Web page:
Captain! Our Shields are Failing!

Objective: allow the Player’s shield to sustain multiple hits before failing, with visual feedback after each hit to indicate diminishing shield effectiveness.

Shield PowerUp.

In my current version of the GameDevHQ Space Shooter Unity 2D Game Project, my Player occasionally gets an opportunity to collect “shield” powerups. This shield, once activated, permits the Player to survive unscathed a collision with an enemy ship or a hit from hostile laser weapons. Upon collision detection, the shield deactivates rendering the Player vulnerable to damage.

My goal in this article is to beef up the resistance of the shield. It will be able to take 3 impacts of any kind before deactivating. After each impact, I’ve opted to alter the Alpha channel of the Player’s shield to imply a weakened state.

I started out by declaring two private variables in my PlayerScript attached to my Player game object. The first one is an integer I use to track how many times the shield, when active, gets hit. The second one is a float allowing me to adjust the alpha channel of the sprite renderer.

New variables to capture the hits (collisions) and set the Alpha channel of the shield sprite.

To put things in context, one of my previous articles introduced the powerup system in my game project (find the article here), and used a Switch Statement to activate “pickups” (collisions). As seen below, when the Player collides with the game object having the _powerUpID 2 (case 2:), it calls the ShieldActivate() method in the PlayerScript script.

PowerUps script to detect Player collisions with various powerups.

We can see below the ShieldActivate() function. I added three new lines to ensure that every time a shield powerup is collected, it resets all parameters to their default values.

This way, if the Player currently has shields, but they’ve been hit a couple of times and weakened, collecting a new shield powerup “regenerates” the shields and offers the Player renewed protection.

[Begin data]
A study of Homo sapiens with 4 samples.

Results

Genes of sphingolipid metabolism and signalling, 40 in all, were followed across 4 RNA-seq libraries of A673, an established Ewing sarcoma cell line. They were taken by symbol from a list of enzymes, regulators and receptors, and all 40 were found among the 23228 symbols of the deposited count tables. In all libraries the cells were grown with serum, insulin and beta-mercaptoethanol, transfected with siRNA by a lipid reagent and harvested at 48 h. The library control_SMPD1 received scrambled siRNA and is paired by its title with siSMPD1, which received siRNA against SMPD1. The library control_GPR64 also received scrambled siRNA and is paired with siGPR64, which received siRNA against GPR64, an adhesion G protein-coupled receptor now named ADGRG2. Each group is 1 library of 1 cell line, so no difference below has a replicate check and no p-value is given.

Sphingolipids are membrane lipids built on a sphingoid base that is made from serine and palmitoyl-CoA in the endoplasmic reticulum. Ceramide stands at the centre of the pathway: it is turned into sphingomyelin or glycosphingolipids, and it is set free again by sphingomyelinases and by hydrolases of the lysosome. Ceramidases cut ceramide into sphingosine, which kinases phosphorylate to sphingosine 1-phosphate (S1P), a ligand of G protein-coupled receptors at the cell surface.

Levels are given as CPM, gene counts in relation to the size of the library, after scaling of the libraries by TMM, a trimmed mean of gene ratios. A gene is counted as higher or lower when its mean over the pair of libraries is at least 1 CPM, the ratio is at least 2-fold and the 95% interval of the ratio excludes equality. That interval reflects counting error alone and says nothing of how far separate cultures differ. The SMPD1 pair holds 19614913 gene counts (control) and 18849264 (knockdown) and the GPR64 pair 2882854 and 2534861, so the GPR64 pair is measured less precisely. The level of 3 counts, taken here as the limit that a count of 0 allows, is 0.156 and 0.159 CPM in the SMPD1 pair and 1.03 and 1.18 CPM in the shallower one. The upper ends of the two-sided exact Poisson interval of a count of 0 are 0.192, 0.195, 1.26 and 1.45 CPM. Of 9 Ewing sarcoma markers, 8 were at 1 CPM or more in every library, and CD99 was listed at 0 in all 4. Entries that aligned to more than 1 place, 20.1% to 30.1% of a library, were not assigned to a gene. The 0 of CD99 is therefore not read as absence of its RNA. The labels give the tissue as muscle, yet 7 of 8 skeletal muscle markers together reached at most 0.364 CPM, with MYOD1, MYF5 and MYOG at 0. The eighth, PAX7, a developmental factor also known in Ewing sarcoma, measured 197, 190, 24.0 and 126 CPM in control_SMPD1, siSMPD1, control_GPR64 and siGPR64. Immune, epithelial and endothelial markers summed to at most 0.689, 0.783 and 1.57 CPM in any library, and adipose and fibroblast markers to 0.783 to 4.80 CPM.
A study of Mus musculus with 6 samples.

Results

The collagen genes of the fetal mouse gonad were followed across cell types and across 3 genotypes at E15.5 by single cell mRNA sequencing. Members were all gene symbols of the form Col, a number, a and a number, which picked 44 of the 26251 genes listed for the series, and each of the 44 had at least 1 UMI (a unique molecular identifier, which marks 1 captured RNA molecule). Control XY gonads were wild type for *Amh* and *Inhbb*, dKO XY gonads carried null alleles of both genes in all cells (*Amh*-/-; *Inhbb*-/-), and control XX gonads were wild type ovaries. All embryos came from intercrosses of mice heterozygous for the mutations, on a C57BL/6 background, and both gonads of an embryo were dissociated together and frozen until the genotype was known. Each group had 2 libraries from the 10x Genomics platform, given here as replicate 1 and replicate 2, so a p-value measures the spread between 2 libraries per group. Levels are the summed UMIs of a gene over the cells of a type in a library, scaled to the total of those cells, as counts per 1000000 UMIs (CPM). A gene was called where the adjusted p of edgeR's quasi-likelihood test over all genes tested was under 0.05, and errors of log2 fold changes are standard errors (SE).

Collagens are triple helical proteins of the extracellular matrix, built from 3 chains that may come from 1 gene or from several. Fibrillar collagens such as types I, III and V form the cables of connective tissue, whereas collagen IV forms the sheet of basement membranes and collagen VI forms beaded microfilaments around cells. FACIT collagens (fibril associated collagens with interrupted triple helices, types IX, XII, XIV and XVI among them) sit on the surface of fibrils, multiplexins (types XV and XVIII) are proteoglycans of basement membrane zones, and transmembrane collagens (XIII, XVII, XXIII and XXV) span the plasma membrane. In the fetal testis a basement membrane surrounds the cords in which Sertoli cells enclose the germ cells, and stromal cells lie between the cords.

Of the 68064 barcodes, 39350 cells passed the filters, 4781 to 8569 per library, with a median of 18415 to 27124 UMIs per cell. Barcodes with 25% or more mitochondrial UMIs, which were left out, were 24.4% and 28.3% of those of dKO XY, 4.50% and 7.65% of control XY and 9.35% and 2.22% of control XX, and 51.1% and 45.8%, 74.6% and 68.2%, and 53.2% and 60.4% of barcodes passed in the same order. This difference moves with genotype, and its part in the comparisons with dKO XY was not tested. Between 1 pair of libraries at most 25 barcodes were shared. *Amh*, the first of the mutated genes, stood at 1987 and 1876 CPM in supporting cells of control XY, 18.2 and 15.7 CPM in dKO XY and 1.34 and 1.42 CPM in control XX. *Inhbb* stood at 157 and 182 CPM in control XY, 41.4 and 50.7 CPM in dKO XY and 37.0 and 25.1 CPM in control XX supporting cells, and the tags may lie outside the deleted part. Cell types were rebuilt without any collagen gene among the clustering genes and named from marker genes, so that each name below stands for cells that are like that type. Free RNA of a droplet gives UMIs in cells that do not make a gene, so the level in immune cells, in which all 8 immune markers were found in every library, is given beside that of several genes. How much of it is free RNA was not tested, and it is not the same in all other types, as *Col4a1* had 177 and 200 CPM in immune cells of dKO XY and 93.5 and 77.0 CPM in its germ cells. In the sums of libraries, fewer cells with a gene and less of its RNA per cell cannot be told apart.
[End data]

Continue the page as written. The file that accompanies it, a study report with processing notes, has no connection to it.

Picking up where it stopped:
Turning on and setting the default values for the Player’s shield.

The way I adjusted the visuals is by altering the Alpha channel of the Sprite Renderer. Now at first, I tried to hard-code the existing RGB values of the shield into the new Color (R, G, B, A), but doing so would alter the original tints slightly. If on the other hand, I left RGB as (1f, 1f, 1f) and only altered the Alpha channel, then I was getting the results I wanted. I’m not quite sure why, but I’m presenting here what worked for me 🤔.

So my implementation works this way: every time the Player’s Damage() method gets called, I check to see if the shield is activated.

If it isn’t, then the Player gets the full impact of the collision which results in damage or loss of life.

If it is, then I increment my _shieldHits by 1. I then run a Switch Statement comparing the value of _shieldHits, and depending on the results, I store a new float value into the _playerShieldAlpha variable. Once this is done, I set the new color of the material using the following line:

This results in the opacity of the sprite changing, becoming more transparent as the hits increase until the third hit deactivates the shields.

Switch Statement logic for altering the Alpha channel of the Sprite Renderer.

The results are as follows:

On the left are new shields, the middle shows after one collision, and on the right after two collisions. A third collision results in the shield getting deactivated.

There you have it. The effect looks fairly nice. Along the way, I figured out a simple way to manipulate the transparency of a sprite without altering or needing to replace the animation in order to give the Player a convincing visual cue that his shields are failing.

I hope you’ve enjoyed this short article and will find it useful as you play around with your own Unity game project. Thanks for reading :)

Military member with 34+ years of service, undertaking an apprenticeship with GameDevHQ with the objective of developing solid software engineering skills.


Michel Besnard

Military member with 34+ years of service, undertaking an apprenticeship with GameDevHQ with the objective of developing solid software engineering skills.